Born in Vietnam, raised in New Orleans, Chef Tran first trained to become an engineer before diving into the culinary world. So what’s it been like, to move lock stock and barrel from sunny California to sultry Mumbai? “I couldn’t sleep when I got here, it’s so exciting – the sights, smells and people are so different. And yet when I go to Crawford Market or Sassoon Dock, it’s business as usual for me – pretty much the same as the way I would have bought things back home,” Chef Tran tells me of his initial days. This was also the time when he got to see an Indian wedding for the first time. “It was like being in Brazil, the drums pulsating… I just had to take a video,” says the chef who has worked with American culinary heavyweights Thomas Keller at the French Laundry and Jean-Georges Vongerichten at Vong. He’s also no stranger to the celebrity culture, as his own Croft Alley in Los Angeles draws plenty of them for its housemade and seasonal offerings.
But a change in command in the kitchen, for diners, is almost like the sequel to a Hollywood blockbuster – they want something new, yet familiar. “It’s interesting that you compare it to a Hollywood franchise,” he says, “because while these movies might be years apart, the core remains the same – in these movies it’s about bettering our lives, and here the core is good food that offers nutritional value at a fair price. One of my first steps is to minimize the menu. Eating out is also about socialising, not reading menus! If that’s the best chicken we make, then it’s the only chicken we should do!”
Restaurateur Rohan Talwar, who has brought Chef Tran to India, was awed by his “dedication to the art of service and true craftsmanship…” and said that he’s excited for the diners of Mumbai “who get to experience Phuong’s simple, yet elegantly prepared food”. That Talwar has found a true artiste for Ellipsis is very apparent, but the Zen-like Chef is pragmatic in his approach. “If we look at cooking as an art, then I immediately compare Van Gogh who didn’t sell in his lifetime, and Picasso, who in contrast, sold everything! I want this food to go out to people. I’m not doing this for my ego,” he explains.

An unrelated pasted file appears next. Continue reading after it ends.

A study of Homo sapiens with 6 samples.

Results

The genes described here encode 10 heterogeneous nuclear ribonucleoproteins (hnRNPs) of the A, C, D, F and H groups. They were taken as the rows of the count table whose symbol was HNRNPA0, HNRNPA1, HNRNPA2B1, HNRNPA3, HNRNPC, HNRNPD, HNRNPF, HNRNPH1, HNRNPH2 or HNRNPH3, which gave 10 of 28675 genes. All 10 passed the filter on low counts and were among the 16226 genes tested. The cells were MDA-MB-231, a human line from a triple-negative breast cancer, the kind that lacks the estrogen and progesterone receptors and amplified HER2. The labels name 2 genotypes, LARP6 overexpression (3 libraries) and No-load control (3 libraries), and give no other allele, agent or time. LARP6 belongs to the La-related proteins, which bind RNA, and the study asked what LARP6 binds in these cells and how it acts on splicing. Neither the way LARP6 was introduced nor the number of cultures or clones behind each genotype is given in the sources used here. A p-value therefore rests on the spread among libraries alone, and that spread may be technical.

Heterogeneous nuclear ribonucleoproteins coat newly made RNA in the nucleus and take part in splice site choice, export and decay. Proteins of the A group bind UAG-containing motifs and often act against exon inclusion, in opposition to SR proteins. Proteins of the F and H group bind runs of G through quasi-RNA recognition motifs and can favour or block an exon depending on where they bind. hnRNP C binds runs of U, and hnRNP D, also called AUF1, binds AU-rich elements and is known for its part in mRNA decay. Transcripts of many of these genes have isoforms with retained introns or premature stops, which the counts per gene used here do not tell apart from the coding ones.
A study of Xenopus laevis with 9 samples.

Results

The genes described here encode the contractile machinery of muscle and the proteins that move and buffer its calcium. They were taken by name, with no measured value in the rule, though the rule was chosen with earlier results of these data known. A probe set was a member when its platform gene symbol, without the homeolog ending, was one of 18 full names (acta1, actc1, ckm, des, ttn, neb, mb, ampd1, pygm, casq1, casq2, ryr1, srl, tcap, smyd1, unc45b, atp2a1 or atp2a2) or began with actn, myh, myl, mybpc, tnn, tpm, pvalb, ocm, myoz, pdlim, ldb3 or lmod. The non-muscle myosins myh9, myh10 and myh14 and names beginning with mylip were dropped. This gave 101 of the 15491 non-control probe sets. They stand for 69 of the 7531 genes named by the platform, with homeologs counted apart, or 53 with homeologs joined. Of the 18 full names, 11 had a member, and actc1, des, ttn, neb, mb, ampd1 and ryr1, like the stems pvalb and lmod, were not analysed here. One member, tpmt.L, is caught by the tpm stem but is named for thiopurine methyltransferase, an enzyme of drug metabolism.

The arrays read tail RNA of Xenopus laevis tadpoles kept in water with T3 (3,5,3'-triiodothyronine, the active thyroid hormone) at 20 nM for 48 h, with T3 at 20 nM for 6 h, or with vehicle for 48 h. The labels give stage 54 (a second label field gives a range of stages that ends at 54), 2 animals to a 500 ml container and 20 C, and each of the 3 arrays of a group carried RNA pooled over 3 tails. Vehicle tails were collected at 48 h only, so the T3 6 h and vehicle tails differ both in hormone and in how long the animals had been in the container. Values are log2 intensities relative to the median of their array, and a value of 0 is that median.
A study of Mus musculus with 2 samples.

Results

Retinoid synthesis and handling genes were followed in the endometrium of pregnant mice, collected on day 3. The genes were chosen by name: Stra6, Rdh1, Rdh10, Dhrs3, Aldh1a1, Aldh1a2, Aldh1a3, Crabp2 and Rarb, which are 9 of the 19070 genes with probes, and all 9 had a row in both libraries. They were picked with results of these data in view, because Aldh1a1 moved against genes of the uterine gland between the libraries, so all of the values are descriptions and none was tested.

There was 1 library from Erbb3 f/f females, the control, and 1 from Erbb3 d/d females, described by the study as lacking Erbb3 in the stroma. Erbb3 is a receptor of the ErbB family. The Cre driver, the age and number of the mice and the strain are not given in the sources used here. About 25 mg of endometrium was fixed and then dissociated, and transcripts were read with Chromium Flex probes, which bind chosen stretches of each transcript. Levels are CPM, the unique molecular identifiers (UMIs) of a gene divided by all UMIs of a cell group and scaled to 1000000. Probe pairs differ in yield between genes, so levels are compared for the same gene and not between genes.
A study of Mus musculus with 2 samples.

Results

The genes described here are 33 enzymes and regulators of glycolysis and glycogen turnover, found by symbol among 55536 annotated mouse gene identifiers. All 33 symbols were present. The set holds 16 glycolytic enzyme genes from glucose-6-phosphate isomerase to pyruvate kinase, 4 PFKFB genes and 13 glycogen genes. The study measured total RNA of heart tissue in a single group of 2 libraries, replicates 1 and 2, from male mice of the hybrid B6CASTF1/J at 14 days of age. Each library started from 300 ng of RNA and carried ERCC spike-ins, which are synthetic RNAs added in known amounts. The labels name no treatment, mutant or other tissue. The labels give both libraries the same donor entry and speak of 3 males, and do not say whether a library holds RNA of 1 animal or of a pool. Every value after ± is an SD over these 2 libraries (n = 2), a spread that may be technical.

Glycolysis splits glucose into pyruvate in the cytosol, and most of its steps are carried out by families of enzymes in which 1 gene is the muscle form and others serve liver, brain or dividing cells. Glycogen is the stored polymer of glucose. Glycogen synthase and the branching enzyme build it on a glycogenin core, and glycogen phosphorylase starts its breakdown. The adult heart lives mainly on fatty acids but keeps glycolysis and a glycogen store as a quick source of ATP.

“The salads are much more composed now. Cold dim sums would be interesting and I just tried a mango salad. Anyone could do a mango salad, but I used some techniques from Vietnamese cooking for this one,” he says. And when Chef Phuong Tran speaks of technique, I take his word for it. You would too, from a man who learned them while travelling through Vietnam, and even Brazil. “I went up to lady who sold fresh pancakes from a cart in Vietnam and asked her if I could take over while she took a break. Those were my first steps in the culinary world before training under a chef in New York.” You have us excited Chef, you really do!